Some Thoughts on Gardening Tools

by Ted Irving March 2004


I purchased my first digging spade at age 14. It had a rectangular head which in digging spades are about 8" by 11". It was made from forged carbon-steel with a T-shaped ash handle, - a delight to use. At age 18, being drafted into the army, I left it with my father who used it regularly until his death. It remained in mint condition, the head regularly wiped with machine oil, the handle with linseed oil. I still use one of similar design, and it is a joy to handle, with a long, sleek, slightly dangerous look.


Forged-steel tools are made from a single billet of steel and hammered into shape while hot. This aligns the iron crystals lengthwise, imparting great strength. Carbon steel also gives the hardness needed to hold a good edge. Forged carbon-steel tools are not to be confused with standard tools stamped from sheet metal. Some are tempered and I have had adequate tempered-steel shovels, but not forks.


For efficient and pleasurable gardening, it is essential to have a forged-steel digging fork. Cheap standard forks are made of weaker material, and their tines bend irrevocably when working stiff soil. I say irrevocably because once a tine becomes misaligned, it keeps on getting worse, its material losing strength as you repeatedly hammer it back into line. If you have such a tool you must surely regret buying it. Throw it away and invest in a decent forged-steel implement.


Digging spades and forks are about 42" long overall. There are also shorter, border forks and spades, about 38" long with smaller, lighter heads which are about 6" by 8" across. I once heard these referred to by a silly man as "women's" tools. For both serious and playful gardeners of either gender, they are invaluable for close work. The border fork is my tool of choice for general weeding and forking-in compost.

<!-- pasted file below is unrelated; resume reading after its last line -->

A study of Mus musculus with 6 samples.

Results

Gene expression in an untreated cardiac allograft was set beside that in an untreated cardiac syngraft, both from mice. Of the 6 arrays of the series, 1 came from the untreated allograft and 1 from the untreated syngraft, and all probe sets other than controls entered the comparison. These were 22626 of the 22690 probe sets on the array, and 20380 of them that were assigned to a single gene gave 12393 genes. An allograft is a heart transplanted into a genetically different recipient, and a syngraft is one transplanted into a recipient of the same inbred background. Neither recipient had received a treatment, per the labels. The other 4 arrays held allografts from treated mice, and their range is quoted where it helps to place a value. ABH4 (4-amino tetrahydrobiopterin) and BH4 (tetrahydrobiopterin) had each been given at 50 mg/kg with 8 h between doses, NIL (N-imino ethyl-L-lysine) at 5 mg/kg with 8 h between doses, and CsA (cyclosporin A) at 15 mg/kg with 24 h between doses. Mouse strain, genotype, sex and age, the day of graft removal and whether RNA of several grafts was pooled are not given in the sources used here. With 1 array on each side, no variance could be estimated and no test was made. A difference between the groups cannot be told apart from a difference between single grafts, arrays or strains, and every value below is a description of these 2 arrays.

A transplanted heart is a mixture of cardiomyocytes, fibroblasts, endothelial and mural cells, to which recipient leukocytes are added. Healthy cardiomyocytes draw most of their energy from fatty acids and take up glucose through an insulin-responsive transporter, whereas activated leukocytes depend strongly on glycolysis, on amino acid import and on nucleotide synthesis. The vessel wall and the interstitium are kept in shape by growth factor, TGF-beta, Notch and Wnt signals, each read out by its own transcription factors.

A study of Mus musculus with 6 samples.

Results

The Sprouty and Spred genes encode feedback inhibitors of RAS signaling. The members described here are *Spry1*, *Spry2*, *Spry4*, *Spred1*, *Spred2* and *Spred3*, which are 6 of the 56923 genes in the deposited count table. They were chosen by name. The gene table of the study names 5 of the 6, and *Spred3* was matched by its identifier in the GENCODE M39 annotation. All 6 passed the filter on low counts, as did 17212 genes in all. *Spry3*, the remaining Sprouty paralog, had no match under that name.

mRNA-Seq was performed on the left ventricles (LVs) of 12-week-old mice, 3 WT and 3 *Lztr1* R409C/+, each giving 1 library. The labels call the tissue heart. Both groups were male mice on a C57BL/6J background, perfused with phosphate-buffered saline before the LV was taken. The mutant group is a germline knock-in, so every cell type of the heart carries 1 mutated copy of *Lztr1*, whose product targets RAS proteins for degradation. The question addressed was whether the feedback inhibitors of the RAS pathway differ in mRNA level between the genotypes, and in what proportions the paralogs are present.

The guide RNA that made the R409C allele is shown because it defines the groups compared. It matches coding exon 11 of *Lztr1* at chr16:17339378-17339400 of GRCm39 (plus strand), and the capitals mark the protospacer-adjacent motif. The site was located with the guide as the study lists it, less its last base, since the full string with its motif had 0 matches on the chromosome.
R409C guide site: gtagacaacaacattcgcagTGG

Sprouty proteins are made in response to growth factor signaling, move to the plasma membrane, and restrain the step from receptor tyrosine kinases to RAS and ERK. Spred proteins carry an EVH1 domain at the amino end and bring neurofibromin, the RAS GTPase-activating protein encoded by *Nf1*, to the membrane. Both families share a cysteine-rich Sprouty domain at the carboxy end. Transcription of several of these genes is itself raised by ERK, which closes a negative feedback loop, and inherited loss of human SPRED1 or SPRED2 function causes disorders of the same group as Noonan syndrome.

Next, there are the shovels the most common tool in Canadian gardens. Their heads are usually about 8" across. Larger heads are available, but do not buy one. It will eventually ruin your back. They are meant for industrial use and take too large a clod. If you have one, put it in the

nearest garage sale and buy a more modest implement. Shovels are best for tackling irregular material, e.g., gravel, stony soil, manure. Mine is forged steel from Spears and Jackson. I also have an old "tempered" steel shovel from Ames (a good firm) which was ok, but after several years it thinned and the point rounded off, weakening penetration. A long-handled (about 50") small (about 6" wide) shovel is very useful for close work where a little extra stretch is needed; not being intended for heavy work, a tempered-steel head is entirely adequate. You must enter into this business of buying tools for the garden with a suspicious mind. I have seen tools labelled with such vague terms as "heat treated". Do not take them seriously.


Tool heads of stainless steel used to be very expensive, but Chinese-made ones are now available. Lee Valley Tools Limited offer a full range at under $40 each. I have never used them but intend to do so. A friend who is very fastidious about garden tools describes them as "very good value".

Stainless steel tools are not as strong as forged steel. Not only do they not rust, soil clings to them less readily.


I like wooden handles best. They are warm to the touch and are less jarring on the wrist than rigid metal handles. For spades and forks my preference is for T-shaped handles. D-shaped handles in wood, metal, or plastic are more common, and again I prefer wood because of its warm feel.


Now, a word about hoes. There are many different types. I find the Dutch hoe most useful. It has a blade about 5" wide inclined at an angle so that it is almost flat to the ground with the handle held at waist level, ideal for beheading weeds and general scuffing. It should be about 5' long overall. I have one with its upper handle bent at the same angle as the blade, so that my hand rests naturally with a straight wrist. I have not seen these in the shops for ages but if you see one, try it out. Mine is an old Spears and Jackson model.


Many tools are coated with a thick pebbled epoxy, which reduces rusting, and, it is claimed, eases passage into the soil. When asked about this, a salesman appealed to aerodynamics, comparing it to the pitted surface of a golf ball that extends its flight through the air. Hmmm? Does the reader

have advice about this? Perhaps the next step is to have Teflon coated tools.

(Reprinted with permission from the Peninsula Garden Club.)